Recapping the 2019 Clifford Symposium


Thursday – 9/19

12:30-1:20PM: “The Ocean is a Controlled Hallucination” 

Professor Kendrick Krazee, who hails from the annals of the New York City subway system, arrives to Middlebury College to perform his interpretive movement sequence, detailing his provocative thesis. Combining aquatic symphony with audience participation, students can expect to both engage with and dissociate from our modern conception of what “under the sea” truly means. 

7PM: “Reflections of an Ocean Plastics Scientist” 

Dr. Carmella Koontz, renowned ocean plastic sturgeon, will take students on an interactive, interdisciplinary journey through the experience of giving breast augmentations to the local fish populations of the Great Barrier Reef off the coast of Australia. Her unique mission can be summarized with the following quote from her website: “The reef is dying because the fish aren’t aroused enough to reproduce, and studies show that if lady fish have bigger tits, they will attract more mates, thus reinvigorating the health of the ecosystem as a whole.”

Friday – 9/20

12:30PM: “Deep Throat: Inside the Watergate Scandal’s Hydropolitical Landscape”

Students and political scientists alike will be surprised to learn of Richard Nixon’s sordid history with the ocean and its influence on his tumultuous presidency in this new documentary. According to the film’s director, Joao Ricky-Velasquez, Nixon was in a decades-long correspondence with a deep water-residing humanoid known in popular culture as “Deep Throat,” who later would serve as an informant to the famous Washington Post investigation that would take down the presidency. Snacks will be provided, and the screening will be followed by a Q&A with Ricky-Velasquez himself. 

7PM: “Invisible Labor: Meet the Men and Women that Are Melting Glaciers in Antarctica”

This panel discussion features five glacer melters that have been contracted by ExxonMobil to diligently chip away at the pesky glaciers that are taking up space in our stupid oceans. Using just their stale breath, these men and women have managed to increase the sea level by six inches. Students can ask the undervalued and overworked team themselves just how they did it and how they will continue to drain the world of all its cold, and how they’re brave enough to take practical steps towards abolishing ice.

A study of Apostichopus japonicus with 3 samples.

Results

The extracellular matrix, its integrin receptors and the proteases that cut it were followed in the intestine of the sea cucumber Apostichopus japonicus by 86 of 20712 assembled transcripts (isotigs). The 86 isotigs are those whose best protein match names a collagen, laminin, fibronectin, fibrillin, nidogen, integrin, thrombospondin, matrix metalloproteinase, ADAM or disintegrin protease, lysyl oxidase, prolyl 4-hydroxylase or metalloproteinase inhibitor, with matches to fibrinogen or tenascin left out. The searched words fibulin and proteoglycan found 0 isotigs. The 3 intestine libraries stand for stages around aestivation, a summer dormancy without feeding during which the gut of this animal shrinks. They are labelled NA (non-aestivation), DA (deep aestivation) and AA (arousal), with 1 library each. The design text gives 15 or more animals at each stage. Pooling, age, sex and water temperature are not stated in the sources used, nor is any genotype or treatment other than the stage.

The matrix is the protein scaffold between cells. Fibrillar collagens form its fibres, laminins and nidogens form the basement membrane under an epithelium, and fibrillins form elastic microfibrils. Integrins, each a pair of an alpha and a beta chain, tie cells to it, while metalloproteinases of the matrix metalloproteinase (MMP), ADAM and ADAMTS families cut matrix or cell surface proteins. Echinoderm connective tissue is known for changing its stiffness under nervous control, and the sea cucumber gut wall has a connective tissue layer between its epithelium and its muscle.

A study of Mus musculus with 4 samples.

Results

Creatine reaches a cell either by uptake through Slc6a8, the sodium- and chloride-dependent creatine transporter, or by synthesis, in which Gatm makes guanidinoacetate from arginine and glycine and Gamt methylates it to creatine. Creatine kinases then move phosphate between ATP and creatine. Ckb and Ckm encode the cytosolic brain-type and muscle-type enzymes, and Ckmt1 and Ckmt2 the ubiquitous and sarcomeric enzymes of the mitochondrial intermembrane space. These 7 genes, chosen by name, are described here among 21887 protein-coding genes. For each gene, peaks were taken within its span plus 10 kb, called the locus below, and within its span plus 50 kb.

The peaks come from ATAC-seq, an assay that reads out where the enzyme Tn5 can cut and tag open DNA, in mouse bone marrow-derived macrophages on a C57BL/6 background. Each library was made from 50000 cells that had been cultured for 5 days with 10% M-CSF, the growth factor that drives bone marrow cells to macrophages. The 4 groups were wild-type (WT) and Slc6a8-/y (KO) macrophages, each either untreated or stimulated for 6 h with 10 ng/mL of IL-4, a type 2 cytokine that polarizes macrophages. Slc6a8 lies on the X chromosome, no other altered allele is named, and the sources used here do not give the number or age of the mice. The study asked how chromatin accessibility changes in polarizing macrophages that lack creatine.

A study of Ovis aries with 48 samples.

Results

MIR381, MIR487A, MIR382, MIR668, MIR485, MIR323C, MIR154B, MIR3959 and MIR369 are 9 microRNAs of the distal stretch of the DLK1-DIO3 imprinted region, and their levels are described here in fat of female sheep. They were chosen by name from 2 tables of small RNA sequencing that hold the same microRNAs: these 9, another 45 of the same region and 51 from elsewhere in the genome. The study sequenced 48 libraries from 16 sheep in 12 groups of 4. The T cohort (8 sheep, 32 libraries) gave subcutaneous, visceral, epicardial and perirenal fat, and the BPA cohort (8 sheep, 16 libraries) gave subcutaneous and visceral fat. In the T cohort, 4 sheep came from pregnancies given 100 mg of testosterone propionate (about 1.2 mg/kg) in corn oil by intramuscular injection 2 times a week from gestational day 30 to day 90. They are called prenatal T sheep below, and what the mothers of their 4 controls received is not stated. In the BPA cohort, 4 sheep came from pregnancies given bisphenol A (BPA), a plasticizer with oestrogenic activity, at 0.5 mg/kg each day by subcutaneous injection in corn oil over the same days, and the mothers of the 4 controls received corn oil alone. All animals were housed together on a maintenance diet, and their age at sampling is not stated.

8PM: “The Turtle: The Use of Shield Shells in Ancient Roman Tactical Warfare”

This interactive presentation with Classics Professor Dr. Nero McOhannigan will get students on their feet to practice the ancient Roman military tactic known as “The Turtle”. Together students will lock shields with one another and walk in step formation to the nearest town where they can colonize their forest and count it towards Middlebury’s carbon-neutrality. 

Saturday – 9/21

9:30AM: “Keynote Address: Octopus”

This octopus has a lot to say, but we are not sure what it will say exactly, or in what language. Students should arrive to McCardell Bicentennial Hall with open hearts and ABSOLUTELY NO RED-COLORED CLOTHING to experience this volatile yet passionate speaker discuss their lived experience as an octopus in rural Vermont. Octopi have historically been denied a platform, and at Middlebury College, we are excited to be the forefront of controversial, meaningful conversation. 

Students are reminded that the use of appropriative language such as Whale Sounds will not be tolerated.